Build a Successful Multigenerational Farm
Through a Team Approach
Strengthen your farm with financial communication.
The dream for many farmers is to create a legacy: a family business that can continue to prosper after they are gone. But like farming itself, this is more easily said than done. To increase the chances that your farm will be part of your family’s future, embrace communication today, discussing not only the day-to-day business of running the farm but also the larger, long-term concerns involving succession, ownership and financial compensation. These aren’t easy conversations to have, but they can help ensure the ongoing success of your farm. Here’s what you need to know.
- Talk early and often — before there is a crisis. “It should start with the husband and wife,” says Marsha Goetting, professor and family economics specialist at Montana State University. As soon as children are in the picture, start discussing the long-term future of your farm, and be sure to continue that conversation, because factors will change. Some children will leave the farm. But what are their expectations for the long haul of life? “It has to be an ongoing ‘what if,’” Goetting suggests. “What if three of your children want to come back [to live and work on the farm]? Will the place support three additional individuals? Or are you having a hard time making ends meet right now?” Have a clear idea of what you and your family want before it becomes a dispute.
- Involve the younger generation. “Even children of high-school age can be involved in decisions about the farm’s future,” Goetting says. By beginning discussions early, you can get a sense of which children are interested in being a part of the farm, although of course choices will change over time. “As a parent, you may not know that your child is interested and willing to make the sacrifice to be a part of the ranch,” Goetting notes. “Or maybe you need to make it clear, ‘Hey, this place isn’t going to be big enough for any of you. You all need to come up with a career. I want you to go to college and see what you can do.’”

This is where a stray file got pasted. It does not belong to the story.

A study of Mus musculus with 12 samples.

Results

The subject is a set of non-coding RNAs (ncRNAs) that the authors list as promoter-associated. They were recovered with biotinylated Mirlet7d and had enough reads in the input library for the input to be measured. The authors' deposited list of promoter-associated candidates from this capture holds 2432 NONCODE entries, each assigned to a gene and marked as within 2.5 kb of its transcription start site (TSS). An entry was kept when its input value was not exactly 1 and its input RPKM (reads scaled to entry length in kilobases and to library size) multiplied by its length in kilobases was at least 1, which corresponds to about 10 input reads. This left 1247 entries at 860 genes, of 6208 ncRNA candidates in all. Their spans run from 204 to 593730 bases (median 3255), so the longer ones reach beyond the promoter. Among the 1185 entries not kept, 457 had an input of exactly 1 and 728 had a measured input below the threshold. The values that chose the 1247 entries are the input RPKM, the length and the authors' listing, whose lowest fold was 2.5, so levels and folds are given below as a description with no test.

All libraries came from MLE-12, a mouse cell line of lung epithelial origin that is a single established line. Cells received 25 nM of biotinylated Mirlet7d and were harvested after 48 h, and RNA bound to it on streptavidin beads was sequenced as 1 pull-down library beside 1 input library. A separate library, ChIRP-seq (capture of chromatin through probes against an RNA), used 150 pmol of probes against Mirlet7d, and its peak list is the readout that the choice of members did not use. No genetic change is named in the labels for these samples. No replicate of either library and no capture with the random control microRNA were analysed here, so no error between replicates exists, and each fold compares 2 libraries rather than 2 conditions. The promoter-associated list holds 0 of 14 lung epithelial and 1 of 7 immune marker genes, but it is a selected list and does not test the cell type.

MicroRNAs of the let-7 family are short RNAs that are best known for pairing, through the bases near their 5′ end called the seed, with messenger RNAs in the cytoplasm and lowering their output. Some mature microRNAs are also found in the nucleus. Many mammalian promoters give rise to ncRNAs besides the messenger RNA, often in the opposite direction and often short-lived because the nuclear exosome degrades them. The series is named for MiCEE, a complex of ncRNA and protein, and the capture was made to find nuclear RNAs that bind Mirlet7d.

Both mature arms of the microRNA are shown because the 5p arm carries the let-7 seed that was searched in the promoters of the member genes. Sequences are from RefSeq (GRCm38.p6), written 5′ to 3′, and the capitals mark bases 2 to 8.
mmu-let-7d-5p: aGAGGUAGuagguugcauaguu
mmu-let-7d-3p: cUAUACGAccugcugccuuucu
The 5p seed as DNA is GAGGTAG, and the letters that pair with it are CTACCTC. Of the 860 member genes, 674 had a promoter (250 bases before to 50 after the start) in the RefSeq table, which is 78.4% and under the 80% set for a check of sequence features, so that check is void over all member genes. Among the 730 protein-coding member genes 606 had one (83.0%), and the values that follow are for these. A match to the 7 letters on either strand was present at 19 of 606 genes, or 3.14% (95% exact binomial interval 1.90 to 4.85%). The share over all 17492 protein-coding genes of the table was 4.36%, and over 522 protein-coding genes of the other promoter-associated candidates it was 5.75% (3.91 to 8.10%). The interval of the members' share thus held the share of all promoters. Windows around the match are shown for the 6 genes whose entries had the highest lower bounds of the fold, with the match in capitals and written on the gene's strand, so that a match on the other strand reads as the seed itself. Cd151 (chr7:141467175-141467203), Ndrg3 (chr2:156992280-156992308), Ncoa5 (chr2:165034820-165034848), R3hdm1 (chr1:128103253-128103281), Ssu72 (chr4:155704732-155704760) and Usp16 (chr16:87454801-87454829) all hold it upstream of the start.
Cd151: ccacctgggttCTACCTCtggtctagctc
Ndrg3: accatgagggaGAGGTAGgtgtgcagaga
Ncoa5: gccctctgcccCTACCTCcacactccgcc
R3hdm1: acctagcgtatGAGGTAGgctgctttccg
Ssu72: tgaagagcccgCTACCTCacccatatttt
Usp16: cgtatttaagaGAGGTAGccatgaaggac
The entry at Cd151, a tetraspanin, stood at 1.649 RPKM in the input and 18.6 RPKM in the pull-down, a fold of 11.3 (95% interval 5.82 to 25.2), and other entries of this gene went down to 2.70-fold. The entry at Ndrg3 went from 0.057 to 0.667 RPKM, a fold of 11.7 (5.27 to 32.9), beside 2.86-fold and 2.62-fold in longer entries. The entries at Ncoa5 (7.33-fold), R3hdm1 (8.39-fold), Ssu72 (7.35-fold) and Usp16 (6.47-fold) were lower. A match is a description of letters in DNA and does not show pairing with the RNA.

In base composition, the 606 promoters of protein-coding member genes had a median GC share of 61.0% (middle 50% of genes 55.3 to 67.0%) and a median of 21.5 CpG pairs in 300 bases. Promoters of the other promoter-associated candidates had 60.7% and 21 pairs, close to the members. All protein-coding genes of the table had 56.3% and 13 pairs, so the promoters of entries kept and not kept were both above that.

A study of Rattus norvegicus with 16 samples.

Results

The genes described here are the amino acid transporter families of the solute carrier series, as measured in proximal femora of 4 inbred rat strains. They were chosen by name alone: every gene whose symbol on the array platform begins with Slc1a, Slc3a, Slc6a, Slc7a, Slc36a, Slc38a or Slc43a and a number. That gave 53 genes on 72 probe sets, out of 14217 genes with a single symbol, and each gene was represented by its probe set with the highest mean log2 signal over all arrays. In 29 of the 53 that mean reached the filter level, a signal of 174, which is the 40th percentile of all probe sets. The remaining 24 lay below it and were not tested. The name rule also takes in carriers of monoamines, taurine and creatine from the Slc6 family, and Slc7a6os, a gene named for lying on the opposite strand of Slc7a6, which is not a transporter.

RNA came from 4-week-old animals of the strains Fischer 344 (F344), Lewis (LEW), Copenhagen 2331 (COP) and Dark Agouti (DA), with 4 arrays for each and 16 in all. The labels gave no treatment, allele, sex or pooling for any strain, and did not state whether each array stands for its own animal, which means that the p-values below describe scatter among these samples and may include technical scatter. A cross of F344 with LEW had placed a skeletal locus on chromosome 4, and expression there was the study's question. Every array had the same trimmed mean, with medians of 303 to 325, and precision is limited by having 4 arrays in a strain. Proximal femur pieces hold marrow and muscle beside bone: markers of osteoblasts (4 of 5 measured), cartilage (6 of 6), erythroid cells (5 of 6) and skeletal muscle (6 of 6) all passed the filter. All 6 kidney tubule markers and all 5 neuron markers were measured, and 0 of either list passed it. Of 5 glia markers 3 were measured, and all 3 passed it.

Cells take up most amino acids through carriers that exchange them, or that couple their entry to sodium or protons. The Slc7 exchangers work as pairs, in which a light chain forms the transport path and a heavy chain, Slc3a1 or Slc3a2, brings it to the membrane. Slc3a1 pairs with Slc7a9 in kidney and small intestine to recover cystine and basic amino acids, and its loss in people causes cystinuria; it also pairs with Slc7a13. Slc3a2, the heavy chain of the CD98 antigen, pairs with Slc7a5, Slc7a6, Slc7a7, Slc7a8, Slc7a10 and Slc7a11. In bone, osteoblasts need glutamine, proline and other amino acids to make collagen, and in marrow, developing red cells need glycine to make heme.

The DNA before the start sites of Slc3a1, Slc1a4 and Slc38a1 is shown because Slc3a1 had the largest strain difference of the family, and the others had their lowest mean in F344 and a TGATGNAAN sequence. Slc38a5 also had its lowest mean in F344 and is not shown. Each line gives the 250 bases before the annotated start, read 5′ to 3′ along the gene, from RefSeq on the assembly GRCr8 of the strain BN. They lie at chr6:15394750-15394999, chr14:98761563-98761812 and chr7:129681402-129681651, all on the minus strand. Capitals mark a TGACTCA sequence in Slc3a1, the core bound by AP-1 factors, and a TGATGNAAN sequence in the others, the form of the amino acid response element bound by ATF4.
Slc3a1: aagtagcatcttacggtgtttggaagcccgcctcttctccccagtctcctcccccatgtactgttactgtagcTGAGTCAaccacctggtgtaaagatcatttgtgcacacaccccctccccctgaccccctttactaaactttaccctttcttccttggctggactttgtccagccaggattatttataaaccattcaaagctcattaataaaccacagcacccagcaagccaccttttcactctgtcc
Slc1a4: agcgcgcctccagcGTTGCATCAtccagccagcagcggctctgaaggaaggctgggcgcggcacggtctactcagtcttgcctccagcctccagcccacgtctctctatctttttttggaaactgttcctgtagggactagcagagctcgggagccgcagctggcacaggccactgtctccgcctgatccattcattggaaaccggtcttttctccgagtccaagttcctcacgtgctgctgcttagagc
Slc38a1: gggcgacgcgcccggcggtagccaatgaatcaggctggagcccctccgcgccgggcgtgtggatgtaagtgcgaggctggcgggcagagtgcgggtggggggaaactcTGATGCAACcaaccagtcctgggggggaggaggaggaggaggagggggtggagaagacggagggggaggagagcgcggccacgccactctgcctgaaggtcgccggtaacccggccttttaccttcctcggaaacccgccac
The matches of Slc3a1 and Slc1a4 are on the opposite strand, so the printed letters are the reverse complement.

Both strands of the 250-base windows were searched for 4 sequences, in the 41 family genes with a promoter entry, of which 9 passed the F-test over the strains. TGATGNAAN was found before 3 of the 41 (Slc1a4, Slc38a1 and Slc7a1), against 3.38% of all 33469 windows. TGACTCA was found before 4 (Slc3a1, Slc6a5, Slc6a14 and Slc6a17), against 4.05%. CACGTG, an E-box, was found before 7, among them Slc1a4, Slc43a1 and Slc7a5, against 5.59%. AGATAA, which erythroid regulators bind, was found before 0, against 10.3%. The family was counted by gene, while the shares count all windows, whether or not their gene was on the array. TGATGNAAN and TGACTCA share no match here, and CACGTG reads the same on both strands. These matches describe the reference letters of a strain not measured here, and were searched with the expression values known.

- Take the tension out. If these types of conversations are tough for your family, consider bringing in a neutral party as a facilitator — or taking the discussion somewhere else where everyone can be more relaxed to discuss farm issues. “I know one family who meets at a vacation spot, and that way everybody has a chance to get away,” Goetting says.
- Cover the big questions. Goetting says key topics for discussion are ownership, succession and plans for legal incapacitation in cases of disability or other physical and mental faculty loss. Melissa O’Rourke, a farm and agribusiness management specialist at Iowa State University, notes that decision-making, compensation and retirement are also key subjects.
But beyond any specifics, what’s most important is that you make sure a discussion happens. “You have to talk about it,” says Goetting. “Talking about it helps us mentally sort out these things.” It will help keep you on track to securing the farm’s future, she suggests.